Have you ever been browsing your Facebook feed when you come across a friends post about a loved one passing away? What was your response? Is a quick comment saying, “I am sorry for your loss” appropriate as an expression of sympathy? Is it enough?
Historically, friends and family have conveyed their condolences to those who have lost a person to death through letters of condolence, flowers, and offers of help with meals and housework. All of these are still valid and worthy ways of expressing your condolences.
The traditional ways of expressing sympathy are especially important to remember when it is a person who is elderly who is experiencing the grief. It is important to remember that people born prior to the 1950’s grew up and lived the majority of their life without any type of electronic or digital media to express their personal feelings. According to Pew Institute, 58% of the elderly (age 65 and older) now access the internet and 77% of seniors have cell phones, many of them do not use these as often as younger people do. Some elderly people may consider electronic communication as less personal and meaningful.
Email condolences, texts, and messages on Facebook or through other social media platforms can be appropriate depending on how close you are to the person experiencing the loss. It can also be affected by how often that person communicates with you via that electronic method. If it is an acquaintance or coworker with whom you have no outside of work relationship, these methods of condolence are considered appropriate. If, however, it is a friend or family member a text or message may be appropriate but should be followed up with a more formal letter or card. Social media platforms provide quick ways to express sympathy.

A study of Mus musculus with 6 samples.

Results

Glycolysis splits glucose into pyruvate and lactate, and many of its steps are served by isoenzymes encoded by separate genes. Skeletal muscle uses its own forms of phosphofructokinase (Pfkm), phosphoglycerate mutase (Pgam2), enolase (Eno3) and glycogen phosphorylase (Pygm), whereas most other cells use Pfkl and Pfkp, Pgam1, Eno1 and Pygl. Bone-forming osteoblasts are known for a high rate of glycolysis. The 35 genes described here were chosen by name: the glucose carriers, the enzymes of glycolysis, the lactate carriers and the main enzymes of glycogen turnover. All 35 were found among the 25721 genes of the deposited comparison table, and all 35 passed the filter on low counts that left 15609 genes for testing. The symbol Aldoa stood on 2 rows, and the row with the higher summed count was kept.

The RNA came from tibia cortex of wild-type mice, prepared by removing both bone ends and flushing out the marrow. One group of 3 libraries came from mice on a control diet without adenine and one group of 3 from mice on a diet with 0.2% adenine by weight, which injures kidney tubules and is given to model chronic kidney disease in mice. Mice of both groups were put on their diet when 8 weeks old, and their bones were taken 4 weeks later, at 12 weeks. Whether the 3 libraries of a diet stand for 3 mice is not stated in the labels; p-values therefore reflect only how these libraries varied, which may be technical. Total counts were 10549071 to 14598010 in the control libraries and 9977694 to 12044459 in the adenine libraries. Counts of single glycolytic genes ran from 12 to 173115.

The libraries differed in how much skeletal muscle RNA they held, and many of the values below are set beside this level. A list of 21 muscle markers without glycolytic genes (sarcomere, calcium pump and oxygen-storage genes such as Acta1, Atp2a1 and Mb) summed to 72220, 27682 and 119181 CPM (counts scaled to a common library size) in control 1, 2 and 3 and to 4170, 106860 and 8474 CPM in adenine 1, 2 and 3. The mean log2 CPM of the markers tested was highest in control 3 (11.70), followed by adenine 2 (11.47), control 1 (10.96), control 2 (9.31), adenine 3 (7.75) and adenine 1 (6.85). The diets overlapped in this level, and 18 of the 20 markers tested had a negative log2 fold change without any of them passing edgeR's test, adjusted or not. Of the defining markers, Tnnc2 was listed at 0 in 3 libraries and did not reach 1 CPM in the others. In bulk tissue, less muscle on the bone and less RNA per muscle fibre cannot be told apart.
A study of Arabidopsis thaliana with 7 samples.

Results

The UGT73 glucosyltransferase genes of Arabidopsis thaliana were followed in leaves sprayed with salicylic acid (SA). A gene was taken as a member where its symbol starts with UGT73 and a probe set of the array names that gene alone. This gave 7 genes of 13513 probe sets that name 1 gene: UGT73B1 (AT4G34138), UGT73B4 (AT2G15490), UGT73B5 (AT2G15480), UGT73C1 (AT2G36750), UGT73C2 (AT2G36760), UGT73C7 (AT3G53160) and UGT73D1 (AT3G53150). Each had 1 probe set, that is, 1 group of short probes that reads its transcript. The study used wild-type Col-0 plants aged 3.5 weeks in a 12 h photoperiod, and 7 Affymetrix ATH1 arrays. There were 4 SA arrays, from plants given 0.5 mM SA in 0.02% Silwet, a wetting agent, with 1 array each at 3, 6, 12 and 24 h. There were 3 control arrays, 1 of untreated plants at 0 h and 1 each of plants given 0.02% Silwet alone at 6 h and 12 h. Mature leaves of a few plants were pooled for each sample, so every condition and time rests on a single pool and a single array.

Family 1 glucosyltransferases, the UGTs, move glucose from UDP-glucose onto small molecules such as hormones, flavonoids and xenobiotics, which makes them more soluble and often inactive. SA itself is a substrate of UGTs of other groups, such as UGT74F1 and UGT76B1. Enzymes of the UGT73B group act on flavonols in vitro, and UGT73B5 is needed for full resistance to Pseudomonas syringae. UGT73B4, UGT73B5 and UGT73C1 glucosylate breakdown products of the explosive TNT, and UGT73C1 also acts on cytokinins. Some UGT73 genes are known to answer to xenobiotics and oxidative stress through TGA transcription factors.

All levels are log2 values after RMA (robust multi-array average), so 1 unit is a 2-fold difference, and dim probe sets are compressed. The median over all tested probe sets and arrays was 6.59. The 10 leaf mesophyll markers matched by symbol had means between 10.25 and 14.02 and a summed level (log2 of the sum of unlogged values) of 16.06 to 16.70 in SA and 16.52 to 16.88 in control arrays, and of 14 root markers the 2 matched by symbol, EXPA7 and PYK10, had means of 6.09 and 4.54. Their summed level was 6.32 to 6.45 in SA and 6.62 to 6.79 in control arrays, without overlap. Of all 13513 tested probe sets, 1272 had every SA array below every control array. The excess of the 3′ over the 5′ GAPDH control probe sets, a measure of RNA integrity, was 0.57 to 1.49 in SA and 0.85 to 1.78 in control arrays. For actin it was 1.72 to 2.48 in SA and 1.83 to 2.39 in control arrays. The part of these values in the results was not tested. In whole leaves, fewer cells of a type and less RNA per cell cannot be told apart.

According to Miss Manners, a handwritten letter or card is still the most appropriate way to send condolences and letters or cards of condolence are still highly regarded as ways to express sympathy. Whether writing a letter on stationery or including a note in a purchased sympathy card, personalized notes can be truly meaningful to those experiencing loss. These letters and cards provide a place where you can share a personal story or memory of the loved one that may provide comfort to those left behind. Those left behind will know that you care and that you truly knew their loved one.
Even in this electronic age, it is still appropriate and often more meaningful to send a handwritten letter or card to express condolences. Social media can be incorporated into the giving of condolences and sympathy, but is not yet accepted as full replacements for the more traditional approaches. The younger the person you are expressing sympathy to the more acceptable it may be to use only electronic communication. When in doubt the tried and true- a letter, a card, or flowers is probably still the most effective and meaningful way to express your condolences.